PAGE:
We Tour November 08, 2018 at 03:00 pm

Explore the Mamuno Monument in Botswana which is the site of a centuries-old African society

Elizabeth Ofosuah Johnson | Staff Writer

Elizabeth Ofosuah Johnson November 08, 2018 at 03:00 pm

November 08, 2018 at 03:00 pm | We Tour

One of the most visited sites in Botswana is definitely the Mamuno Monument also known as the Kangumene Rock Engravings. The site is located just at the border between Botswana and Namibia known as the Mamuno Border and very close to the Okavango Delta which is one of the Seven Natural Wonders of Africa.

Okavango River

The Mamuno Monuments are large rocks with engravings such as animal and human hand and footprints, and detailed drawing of animals, weapons, crops and various gemoetric designs believed to have been used in telling the time of day through measurement as well as measuring other things.

The site is greatly visited mainly for its location at the border that joins Botswana and Namibia together and also for the experiences that captivate visitors at the centuries-old societies. Though greatly visited, it is not really publicised and there are very few pictures of the site, but it is a must-visit and worth knowing about.

The engravings are very unique to Botswana, neighbouring Namibia and the whole of South Africa that have Shamanistic forms found in eastern Botswana and other parts of Southern Africa.

It is believed that the engravings were the ancient society’s ways of keeping count and record of the number of people and animals one had at a particular time and helped notify migrants that there was settlement close by.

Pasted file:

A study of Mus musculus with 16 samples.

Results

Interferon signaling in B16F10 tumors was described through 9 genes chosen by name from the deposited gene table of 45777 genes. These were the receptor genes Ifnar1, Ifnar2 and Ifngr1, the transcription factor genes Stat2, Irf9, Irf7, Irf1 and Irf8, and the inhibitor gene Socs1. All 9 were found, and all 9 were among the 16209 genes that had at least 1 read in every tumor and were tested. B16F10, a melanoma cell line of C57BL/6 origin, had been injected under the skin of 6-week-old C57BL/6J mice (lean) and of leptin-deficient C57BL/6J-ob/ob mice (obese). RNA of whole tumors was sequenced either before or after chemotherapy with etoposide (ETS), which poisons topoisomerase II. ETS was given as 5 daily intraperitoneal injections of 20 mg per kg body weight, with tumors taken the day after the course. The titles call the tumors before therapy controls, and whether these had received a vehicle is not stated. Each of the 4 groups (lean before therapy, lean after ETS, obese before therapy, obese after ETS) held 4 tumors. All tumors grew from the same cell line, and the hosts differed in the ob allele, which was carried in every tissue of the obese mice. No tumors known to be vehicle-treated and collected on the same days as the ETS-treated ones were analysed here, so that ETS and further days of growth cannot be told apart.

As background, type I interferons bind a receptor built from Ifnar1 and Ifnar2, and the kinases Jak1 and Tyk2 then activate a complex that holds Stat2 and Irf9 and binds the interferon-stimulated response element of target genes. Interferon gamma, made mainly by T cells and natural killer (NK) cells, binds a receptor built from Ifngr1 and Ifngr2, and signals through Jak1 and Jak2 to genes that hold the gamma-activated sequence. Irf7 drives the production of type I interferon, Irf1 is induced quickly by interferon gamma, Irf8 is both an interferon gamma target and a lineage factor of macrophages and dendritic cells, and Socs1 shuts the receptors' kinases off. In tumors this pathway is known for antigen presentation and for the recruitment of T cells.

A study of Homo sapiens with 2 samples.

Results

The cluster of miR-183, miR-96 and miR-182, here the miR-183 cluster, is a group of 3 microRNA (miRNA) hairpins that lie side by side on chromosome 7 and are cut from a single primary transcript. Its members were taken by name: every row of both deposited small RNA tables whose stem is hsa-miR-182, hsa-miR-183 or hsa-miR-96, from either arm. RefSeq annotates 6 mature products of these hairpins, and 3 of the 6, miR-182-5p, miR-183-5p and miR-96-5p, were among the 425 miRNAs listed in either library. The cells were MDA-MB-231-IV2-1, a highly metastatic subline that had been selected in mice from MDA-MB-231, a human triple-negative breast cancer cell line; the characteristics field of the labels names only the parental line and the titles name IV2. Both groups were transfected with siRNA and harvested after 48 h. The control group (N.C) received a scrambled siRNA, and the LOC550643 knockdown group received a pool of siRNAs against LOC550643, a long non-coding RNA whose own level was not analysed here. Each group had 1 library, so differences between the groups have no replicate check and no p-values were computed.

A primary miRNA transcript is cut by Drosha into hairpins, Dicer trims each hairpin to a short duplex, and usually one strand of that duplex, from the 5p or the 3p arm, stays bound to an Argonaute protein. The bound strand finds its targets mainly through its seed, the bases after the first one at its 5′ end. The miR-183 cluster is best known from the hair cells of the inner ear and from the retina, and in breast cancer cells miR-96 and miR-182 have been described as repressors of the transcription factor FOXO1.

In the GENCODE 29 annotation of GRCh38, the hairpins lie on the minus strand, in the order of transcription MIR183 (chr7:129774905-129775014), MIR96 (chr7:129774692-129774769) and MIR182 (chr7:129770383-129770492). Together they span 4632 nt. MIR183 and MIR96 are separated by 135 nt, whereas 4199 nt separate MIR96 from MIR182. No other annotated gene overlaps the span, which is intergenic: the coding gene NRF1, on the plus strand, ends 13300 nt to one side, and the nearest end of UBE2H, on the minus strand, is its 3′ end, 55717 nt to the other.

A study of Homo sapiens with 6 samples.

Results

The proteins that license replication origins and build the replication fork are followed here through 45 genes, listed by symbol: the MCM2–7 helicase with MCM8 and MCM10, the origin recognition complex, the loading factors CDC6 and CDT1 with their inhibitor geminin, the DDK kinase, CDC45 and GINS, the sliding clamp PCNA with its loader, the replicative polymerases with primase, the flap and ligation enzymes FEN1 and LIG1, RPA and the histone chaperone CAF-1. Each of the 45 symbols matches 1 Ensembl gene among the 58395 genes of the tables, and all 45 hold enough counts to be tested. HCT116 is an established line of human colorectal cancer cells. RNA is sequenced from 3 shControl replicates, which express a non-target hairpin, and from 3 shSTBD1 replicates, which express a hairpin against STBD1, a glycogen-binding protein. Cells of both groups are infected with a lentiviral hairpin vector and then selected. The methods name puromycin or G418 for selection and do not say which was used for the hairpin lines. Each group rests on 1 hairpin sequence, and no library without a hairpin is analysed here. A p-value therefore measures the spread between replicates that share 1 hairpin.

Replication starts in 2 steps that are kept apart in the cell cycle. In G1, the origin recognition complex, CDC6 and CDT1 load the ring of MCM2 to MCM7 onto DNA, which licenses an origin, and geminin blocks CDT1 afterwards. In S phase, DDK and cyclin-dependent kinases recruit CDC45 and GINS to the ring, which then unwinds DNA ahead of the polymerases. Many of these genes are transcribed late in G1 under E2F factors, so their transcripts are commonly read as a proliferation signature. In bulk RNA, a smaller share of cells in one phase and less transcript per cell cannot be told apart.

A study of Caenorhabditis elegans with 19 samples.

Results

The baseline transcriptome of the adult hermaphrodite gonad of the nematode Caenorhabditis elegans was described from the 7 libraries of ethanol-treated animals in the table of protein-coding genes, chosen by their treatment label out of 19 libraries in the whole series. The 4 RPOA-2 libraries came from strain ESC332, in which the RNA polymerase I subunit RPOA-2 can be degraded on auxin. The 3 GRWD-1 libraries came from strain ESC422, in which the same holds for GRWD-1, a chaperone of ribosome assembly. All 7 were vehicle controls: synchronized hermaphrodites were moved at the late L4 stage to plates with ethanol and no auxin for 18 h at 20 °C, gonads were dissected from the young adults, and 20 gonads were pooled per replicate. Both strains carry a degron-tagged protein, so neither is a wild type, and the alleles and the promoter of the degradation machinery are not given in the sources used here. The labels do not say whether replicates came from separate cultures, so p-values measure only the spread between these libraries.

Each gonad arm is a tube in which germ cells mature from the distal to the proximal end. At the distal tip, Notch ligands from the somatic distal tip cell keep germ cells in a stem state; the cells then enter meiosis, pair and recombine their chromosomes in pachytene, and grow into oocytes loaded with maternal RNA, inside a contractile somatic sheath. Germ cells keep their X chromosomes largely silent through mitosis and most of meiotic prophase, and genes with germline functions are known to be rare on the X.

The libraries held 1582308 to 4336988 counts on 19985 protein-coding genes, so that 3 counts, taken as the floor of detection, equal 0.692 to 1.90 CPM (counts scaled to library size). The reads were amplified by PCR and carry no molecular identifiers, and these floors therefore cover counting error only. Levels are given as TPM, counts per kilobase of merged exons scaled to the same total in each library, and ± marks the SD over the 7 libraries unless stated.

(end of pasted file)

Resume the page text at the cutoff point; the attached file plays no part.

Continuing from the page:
Aside from the easily identifiable engravings on the flat rocks, there are also less understood symbols that have been linked to some forms of abstract symbols that are identified as a distinct communication between the people who once inhabited the area. Unlike the other engravings, the symbolic engravings require more studying.

Ancient tools such as spears and sharp objects shaped like knives are identified as the objects used to make the carvings as similar tools were found in Olifanskloof Farm in Botswana.

Visitors can book for flights or drive to the site but will immediately notice how isolated and far from human contact the site is.

Since its discovery in the late 18th century, the site is under close study by archaeologist working hard to do more excavations which might link the site to a particular civilization or an undiscovered settlement or civilization in Botswana and parts of Namibia.

Till then, visitors are encouraged to visit the site that not only offers the monument on the smooth rocks but has a spectacular view to offer with vast grasslands.